Prime-time cannibalism a TV first
TWO Dutch TV presenters will claim to be making broadcasting history Wednesday when millions of viewers tune in to watch them eating flesh surgically removed from each other's bodies in an unprecedented act of prime-time cannibalism.
The pre-recorded stunt - which one Dutch newspaper suggested could be an elaborate hoax - was pulled off by Valerio Zeno and Dennis Storm in a new science programme called Guinea Pigs, showing on the Netherlands' BNN television channel.
"The idea of the show is to provide really simple answers to stupid questions such as 'can you shave with tomato sauce?' or 'can you drive blind?'," Storm said yesterday.
"We also wanted to find out what human flesh tasted like."
To create what the producers evidently felt was the appropriate ambience for cannibalism, the set was equipped with a chef, candelabra, white linen and wine.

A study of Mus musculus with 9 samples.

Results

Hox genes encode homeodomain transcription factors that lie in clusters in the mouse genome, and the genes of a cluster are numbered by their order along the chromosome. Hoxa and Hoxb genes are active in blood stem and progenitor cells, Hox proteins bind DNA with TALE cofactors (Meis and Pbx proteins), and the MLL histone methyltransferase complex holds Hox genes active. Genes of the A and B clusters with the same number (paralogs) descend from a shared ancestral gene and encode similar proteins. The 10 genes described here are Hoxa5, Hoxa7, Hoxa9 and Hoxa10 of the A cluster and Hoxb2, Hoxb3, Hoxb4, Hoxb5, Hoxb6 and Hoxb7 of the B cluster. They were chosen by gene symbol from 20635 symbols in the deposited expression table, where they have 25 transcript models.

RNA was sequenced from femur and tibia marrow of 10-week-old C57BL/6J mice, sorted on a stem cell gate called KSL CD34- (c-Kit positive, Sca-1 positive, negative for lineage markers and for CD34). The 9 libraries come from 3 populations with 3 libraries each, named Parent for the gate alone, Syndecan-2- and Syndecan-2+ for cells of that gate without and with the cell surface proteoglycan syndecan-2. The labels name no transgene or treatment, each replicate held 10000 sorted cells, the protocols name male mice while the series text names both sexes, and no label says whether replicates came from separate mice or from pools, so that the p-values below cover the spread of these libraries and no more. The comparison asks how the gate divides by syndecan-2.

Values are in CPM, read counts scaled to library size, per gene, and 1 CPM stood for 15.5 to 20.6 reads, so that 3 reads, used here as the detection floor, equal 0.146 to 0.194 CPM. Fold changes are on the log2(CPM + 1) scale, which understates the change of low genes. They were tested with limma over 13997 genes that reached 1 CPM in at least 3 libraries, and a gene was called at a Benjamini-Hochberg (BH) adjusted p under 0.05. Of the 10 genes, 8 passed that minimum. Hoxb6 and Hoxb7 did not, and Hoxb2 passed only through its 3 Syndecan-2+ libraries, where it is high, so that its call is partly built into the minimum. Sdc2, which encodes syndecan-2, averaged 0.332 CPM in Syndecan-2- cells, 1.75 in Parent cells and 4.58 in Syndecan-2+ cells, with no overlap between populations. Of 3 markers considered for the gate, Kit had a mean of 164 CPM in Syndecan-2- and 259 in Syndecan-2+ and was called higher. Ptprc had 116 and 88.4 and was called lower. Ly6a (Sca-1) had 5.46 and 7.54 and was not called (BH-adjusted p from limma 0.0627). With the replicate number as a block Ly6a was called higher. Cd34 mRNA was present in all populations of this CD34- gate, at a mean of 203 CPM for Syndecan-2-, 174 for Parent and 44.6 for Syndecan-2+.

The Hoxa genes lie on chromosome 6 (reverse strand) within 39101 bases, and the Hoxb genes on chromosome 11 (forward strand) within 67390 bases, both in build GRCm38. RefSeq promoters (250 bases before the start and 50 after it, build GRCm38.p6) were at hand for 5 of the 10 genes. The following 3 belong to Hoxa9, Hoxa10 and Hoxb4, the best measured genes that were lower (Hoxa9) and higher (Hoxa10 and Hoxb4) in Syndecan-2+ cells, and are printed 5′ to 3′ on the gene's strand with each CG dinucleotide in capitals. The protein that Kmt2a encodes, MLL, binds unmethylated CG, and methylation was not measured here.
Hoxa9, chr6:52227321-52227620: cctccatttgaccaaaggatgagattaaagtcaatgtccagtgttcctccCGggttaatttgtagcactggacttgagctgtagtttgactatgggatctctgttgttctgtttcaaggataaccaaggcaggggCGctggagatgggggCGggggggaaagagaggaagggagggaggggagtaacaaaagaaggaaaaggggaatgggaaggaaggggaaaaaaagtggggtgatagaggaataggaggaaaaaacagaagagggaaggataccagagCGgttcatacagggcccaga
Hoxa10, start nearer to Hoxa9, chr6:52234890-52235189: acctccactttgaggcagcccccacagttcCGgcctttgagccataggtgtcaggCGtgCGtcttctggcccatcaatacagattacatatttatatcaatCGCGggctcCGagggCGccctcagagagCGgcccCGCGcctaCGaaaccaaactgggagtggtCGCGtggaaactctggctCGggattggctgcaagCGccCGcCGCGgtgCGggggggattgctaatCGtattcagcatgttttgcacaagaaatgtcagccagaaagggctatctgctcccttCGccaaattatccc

The two presenters "dressed for dinner" in suits and ties and sat patiently as the chef sautEed a small piece of Storm's buttock and a chunk of Zeno's abdomen in a frying pan greased with sunflower oil.
To ensure that the taste of cooked human flesh remained unadulterated, the chef insisted that salt, pepper and other condiments remained off the menu.
"We went to the butcher, the surgeon and the studio, then we looked at each other and just ate it," Storm said.
"Nothing is really that special when you're talking about the taste of meat but it's weird to look into the eyes of a friend when you are chewing on his belly."
Storm said it was worth undergoing surgery in order to carry out the stunt.
"It was just a few centimetres of meat and now I have a good story to tell about the scar," he said.
Cannibalism is not a punishable offence in the Netherlands.